The intention of this workpackage is to take the knowledge developed through the contract research activities at Northern Research Institute Narvik and generalise and tailor it for use in educational courses, and for generating further research projects. Four main thematic areas were identified:
- Ballast water treatment
- Oil spill response
- Waste treatment
The main researchers involved in this work package at Northern Research Institute Narvik are:
- Dr. Nga Phuong Dang, PhD Microbiology, University of Stuttgart, Germany, 2004
- Dr. Christian Petrich, PhD Physics, University of Otago, New Zealand, 2005
- Dr. Ross Wakelin, PhD Chemical & Process Engineering, University Canterbury, New Zealand, 1993
- Dr. Adrian Verhoef , PhD Computational Chemistry, Katholieke Universiteit Leuven, Belgium, 2010
Description of sub-project activities
Oil Spill Response – encapsulation of oil in sea ice
The temporary removal of spilled oil from the Arctic marine environment is studied in a low-temperature laboratory. When spilled oil impinges on the underside of sea ice, oil moves laterally beneath the ice to pool in depressions. The lateral mobility of oil increases with speed of ocean currents but is inhibited once growing sea ice encapsulates oil lenses. Oil encapsulated into ice is effectively removed from the ocean until the onset of melt. Here, the process of oil encapsulation is studied in order to predict the time required for encapsulation in field spills.
Experiments are performed in a 130 L Perspex seawater tank. Removable insulation allows for the simultaneous observation of ice growth and encapsulation process through the side walls and through the bottom of the tank. Ice growth and temperature profiles are continuously logged before and after the introduction of oil beneath the ice. The tank is set up in a cold laboratory. Laboratory facilities were built into a refrigerated shipping container and comprise a warm preparation and control room, and a room for experiments at temperatures as low as -30 °C.
Petrich, C.; Karlsson, J . & Eicken, H. “Porosity of growing sea ice and potential for oil entrainment”, submitted to Cold Regions Science and Technology, under review, November 2012.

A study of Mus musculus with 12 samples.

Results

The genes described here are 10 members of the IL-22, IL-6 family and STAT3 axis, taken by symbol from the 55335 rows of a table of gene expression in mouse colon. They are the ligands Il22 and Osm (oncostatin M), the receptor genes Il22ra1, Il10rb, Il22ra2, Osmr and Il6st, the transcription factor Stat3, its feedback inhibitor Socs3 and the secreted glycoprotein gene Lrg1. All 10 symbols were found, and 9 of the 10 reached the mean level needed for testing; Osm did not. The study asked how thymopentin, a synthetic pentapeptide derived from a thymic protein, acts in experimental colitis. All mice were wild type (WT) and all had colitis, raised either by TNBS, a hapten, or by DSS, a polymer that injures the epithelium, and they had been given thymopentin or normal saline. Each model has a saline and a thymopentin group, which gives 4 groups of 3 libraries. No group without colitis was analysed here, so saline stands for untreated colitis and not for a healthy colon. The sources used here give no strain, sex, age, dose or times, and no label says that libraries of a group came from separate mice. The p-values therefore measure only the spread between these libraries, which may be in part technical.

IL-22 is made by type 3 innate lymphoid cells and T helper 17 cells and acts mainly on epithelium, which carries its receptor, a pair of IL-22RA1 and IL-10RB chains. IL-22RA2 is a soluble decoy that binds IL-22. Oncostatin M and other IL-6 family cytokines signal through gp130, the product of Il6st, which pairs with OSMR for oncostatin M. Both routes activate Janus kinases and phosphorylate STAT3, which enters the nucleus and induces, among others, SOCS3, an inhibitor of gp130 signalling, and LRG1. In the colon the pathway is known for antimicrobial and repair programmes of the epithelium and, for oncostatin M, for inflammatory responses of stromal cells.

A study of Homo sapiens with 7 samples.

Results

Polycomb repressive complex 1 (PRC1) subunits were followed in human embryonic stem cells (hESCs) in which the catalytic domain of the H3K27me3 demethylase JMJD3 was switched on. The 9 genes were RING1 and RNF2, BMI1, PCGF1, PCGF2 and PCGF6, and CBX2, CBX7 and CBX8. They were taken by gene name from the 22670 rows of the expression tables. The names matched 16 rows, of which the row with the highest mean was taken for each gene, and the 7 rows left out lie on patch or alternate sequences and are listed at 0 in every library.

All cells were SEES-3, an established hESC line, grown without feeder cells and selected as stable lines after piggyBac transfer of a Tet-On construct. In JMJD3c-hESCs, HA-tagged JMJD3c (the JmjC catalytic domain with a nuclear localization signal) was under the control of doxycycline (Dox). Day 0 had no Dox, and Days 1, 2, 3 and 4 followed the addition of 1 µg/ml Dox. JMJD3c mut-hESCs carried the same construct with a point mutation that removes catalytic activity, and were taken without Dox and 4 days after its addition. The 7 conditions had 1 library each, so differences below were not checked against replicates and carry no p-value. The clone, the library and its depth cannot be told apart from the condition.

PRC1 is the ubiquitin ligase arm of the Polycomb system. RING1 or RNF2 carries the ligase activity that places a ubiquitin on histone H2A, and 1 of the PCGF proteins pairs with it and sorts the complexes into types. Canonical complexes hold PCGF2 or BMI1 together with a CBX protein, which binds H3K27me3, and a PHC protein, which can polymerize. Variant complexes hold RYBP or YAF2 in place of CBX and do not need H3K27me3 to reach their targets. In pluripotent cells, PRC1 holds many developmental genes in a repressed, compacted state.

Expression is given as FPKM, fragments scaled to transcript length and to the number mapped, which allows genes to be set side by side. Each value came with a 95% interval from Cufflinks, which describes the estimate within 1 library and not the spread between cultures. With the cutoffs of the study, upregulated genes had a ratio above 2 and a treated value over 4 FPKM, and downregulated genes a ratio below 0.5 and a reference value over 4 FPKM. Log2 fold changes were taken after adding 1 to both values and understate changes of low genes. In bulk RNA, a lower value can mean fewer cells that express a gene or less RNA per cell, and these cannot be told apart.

Petrich, C. & M. Arntsen. “Laboratory Studies of Oil Encapsulation under Growing Sea Ice”. Abstract submitted to 22nd International Conference on Port and Ocean Engineering under Arctic Conditions (POAC), to be held in Helsinki, Finland, June 2013.
Petrich, C. “A review of oil encapsulation and entrainment in growing sea ice”. Literature review prepared for Fram Center, February 2012.
Petrich, C. “A review of oil encapsulation and entrainment in growing sea ice”. Presentation given at Fram Center meeting, January 2012.
Bioremediation of Diesel, October 2012
A lab trial was performed studying the biodegradation of fresh diesel added to beach sand, at 10 deg C. The results are summarised in the flyer attached below.
Bioremediation of crude oil, Nov 2011
A lab trial was performed studying the biodegradation of crude oil (Kobbe field, stabilised 280 deg C) added to beach sand, at 10 deg C. The results are summarised in the flyer attached below.
Production of biosurfactants from naturally occurring bacteria
A study funded by the MABIT programme examined the capability of local, cold-climate adapted microbes to produce biosurfactants – chemicals that assist the dispersion of the petroleum contaminant into the water phase, thus improving the access to the bacteria that can degrade the petroleum.
Exam time for oil spill response
In winter 2009 a helicopter lost a 1000 litre container in Strandvatnet, Bogen/Evenes. The progress of the degradation of the diesel was followed up, and compared with the claims of the controlling authorities.
Oil in ice research at NORUT Narvik
When an oil spill occurs under sea ice the oil can penetrate a certain distance into the porous structure of the ice. It can also become encapsulated under the ice when the lower water layers freeze. In the spring thaw the oil will come to the surface. Understanding of the spreading, encapsulation and thawing processes is useful for planning oil spill response efforts in cold climate areas.
Treatment of nickel contaminated water
This work investigates different approaches for removing and/or recovering heavy metals from mine drainages and wastewaters with respect to removal efficiency and cost effectiveness. As an example it is used nickel, which is a contaminant in acid mine drainage, industrial wastewaters and production water from oil reservoirs. Nickel can be removed from contaminated water by physical, chemical and electrochemical methods.
Treatment of shipping ballast water
Worldwide spreading of non-native species via ballast water is in the top five threats to marine biological diversity. Therefore, a ballast water performance standard has been developed, that will soon enter into force. Based on size and type of micro-organism, maximum concentrations per unit of discharged ballast water are set. At the latest by 2016 all vessels should be adapted to fulfill these discharge requirements. Norut Narvik has gathered knowledge on both status and technologies of the different treatment systems to advise and educate on case-optimised solutions. Most important study cases consist of, but are not limited to, ship-based transport of raw materials and products for the mining, oil and gas industry in the Arctic.